I’ll never forget my first serious mistake as a rookie reporter. My combination of ignorance and carelessness still drives me to double- and triple-check something that I have written—though, sadly, even that doesn’t protect me from the occasional lapse.
A barman at a local pub had been caught with his fingers in the till (allegedly). The case was adjourned at his first court appearance, when he faced three counts of theft of some small amount—let’s just say a grand total of $2.50―and three charges of falsifying receipts in the same amount.
I didn’t realize this was six charges relating to three offenses; each falsification associated with a theft. So I added the numbers together and came up with a total of $5. Only I typed it carelessly, too, so the short report in our weekly newspaper said that the man―who also happened to be the father of an old schoolmate—had been accused of a $5,000 theft.
I still remember the shiver that ran down my spine when the editor hauled me on the carpet, the kind of cold feeling you get when you slice your finger while chopping stuff in the kitchen. I was ashamed and fearful. The man got a swift follow-up apology, and I got an introduction to some of my editor’s choicer language.
That awful episode came back to me this week when I read, astonished, the report by the Dutch company, ING, which found 45 percent of international journalists surveyed about their use of social media “publish as soon as possible and correct later,” while only one in five insists on doing due diligence before going to press.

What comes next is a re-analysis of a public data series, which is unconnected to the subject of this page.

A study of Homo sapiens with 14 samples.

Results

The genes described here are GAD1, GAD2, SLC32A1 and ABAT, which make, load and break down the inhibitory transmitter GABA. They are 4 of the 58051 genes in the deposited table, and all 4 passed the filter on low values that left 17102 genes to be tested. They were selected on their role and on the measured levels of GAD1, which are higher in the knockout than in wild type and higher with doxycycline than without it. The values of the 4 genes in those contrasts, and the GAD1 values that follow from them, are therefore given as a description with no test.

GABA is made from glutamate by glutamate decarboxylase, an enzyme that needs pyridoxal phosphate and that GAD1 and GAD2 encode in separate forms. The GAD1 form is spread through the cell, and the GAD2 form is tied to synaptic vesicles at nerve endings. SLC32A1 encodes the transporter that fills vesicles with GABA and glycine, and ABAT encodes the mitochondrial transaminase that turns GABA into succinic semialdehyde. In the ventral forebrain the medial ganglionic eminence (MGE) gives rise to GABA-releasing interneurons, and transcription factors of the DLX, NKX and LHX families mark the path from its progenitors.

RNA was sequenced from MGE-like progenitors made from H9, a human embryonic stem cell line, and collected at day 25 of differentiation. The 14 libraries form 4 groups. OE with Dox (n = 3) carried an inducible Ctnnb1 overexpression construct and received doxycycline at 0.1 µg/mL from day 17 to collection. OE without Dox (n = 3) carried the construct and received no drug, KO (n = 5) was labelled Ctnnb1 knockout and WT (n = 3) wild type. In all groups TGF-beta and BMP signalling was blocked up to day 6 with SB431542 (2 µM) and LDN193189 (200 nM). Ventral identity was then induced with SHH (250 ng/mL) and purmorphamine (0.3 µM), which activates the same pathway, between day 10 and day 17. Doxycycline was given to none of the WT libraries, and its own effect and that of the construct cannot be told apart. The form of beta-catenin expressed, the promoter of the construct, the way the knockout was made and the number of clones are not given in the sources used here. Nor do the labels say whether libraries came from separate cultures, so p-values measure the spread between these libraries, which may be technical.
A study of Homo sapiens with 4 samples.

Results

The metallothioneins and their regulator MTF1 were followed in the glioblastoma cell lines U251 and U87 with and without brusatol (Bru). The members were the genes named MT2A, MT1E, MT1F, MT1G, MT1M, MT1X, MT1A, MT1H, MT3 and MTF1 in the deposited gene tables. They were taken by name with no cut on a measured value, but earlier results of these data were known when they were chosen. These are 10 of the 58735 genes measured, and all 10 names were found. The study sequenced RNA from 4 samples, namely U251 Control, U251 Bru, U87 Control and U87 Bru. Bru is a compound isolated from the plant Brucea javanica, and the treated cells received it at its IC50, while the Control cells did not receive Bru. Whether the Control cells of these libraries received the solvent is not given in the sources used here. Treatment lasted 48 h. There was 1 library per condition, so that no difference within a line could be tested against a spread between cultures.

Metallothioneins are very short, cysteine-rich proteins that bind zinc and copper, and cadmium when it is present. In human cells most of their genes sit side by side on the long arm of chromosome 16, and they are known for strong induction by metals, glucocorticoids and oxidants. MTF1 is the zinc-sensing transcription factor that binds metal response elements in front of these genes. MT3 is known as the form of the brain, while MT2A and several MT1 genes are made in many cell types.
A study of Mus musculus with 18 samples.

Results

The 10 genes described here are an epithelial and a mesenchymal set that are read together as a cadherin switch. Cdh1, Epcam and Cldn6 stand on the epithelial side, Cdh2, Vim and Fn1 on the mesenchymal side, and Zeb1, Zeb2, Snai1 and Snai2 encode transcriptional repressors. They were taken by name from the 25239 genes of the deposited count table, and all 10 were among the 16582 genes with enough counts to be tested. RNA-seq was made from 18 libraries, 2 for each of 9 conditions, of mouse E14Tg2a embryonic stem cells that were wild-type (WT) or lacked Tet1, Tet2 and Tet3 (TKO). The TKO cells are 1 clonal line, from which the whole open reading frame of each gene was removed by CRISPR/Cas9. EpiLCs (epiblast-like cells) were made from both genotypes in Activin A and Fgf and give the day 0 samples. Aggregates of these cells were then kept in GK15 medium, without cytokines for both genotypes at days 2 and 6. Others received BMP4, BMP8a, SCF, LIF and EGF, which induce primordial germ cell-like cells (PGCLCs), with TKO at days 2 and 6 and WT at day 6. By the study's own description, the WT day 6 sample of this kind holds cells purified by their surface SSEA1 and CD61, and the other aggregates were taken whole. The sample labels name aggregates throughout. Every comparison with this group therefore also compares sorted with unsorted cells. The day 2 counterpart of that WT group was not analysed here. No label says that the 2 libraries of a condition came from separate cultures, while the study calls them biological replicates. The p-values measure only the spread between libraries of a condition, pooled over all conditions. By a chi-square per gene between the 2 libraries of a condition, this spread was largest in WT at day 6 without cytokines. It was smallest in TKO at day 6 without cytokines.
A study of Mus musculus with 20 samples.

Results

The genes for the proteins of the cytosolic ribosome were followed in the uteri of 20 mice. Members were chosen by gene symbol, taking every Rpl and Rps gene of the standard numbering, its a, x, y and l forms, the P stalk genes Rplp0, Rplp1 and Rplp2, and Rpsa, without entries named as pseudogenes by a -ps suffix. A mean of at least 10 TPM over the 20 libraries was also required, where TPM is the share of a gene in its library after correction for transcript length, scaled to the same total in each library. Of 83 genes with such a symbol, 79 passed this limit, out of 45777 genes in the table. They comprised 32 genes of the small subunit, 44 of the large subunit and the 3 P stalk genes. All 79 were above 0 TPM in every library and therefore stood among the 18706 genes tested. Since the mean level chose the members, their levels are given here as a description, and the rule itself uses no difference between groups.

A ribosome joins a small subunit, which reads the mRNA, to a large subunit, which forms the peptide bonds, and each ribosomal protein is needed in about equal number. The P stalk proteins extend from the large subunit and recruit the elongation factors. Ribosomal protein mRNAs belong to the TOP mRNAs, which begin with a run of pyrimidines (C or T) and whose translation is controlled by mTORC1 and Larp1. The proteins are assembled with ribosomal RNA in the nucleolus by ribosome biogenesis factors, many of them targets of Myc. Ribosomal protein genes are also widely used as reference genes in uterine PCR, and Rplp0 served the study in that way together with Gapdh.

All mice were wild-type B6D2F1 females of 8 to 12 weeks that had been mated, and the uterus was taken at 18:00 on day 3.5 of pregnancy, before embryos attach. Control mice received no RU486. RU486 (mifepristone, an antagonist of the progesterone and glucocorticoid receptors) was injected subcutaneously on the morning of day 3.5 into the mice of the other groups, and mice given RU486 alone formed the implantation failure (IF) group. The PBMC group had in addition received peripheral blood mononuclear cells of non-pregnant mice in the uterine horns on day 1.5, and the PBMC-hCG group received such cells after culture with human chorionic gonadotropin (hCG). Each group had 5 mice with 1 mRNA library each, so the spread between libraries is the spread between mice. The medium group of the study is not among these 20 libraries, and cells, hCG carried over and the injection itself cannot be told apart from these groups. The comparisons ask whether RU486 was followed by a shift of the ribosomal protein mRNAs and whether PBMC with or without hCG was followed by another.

Digital media has obviously changed the nature of journalism. With the 24/7 news cycle, there’s not as clear a static, defined story to be told in the same way as back when there were three news points during the day―the morning edition, the evening newspaper, and the television news at supper time. News unfolds constantly.
Telling the story in installments, as it were, is tricky. There are more opportunities to present a distorted narrative, more chances of getting something wrong along the way.
That should, if anything, mean a higher commitment to getting right what you do have, rather than just going with what you’ve got on the basis that you can correct it later. How can we accept inaccuracy on the basis that it’s more important to be first with the update rather than factually correct? That we’ll get it right in the end?
This disturbing trend makes me think of the journalism training to be found in Deuteronomy 13:14. Moses is giving the Israelites their marching instructions as they prepare to cross into the Promised Land. If in the days ahead they hear rumors that some of their fellow Jews have gone astray, turning their backs on God, he says, they are to “inquire, probe, and investigate it thoroughly.”
Why so? Because if the rumors turn out to be true, then they are the ones who will have to carry out the punishment for apostasy and “put to the sword all who live in that town” (verse 15).
The rumors they were dealing with were about life and death. If journalists thought more seriously about how the rumors they deal with can also be about others’ life and death—professionally, figuratively, even literally—I wonder if they would be so cavalier about inaccuracies.
You may be able to apologize for and correct a mistake, but you can’t undo it. The damage is done, and someone has to live with the consequences.
I wonder how many of those 45 percent of journalists would be happy if their doctors applied the same sort of level of diligence to their health care? “Well, it’s probably just a cold, so take a couple of aspirin. If I’m wrong, I can always do surgery later.”
The danger of making mistakes that can affect people’s lives should make us shiver, not shrug.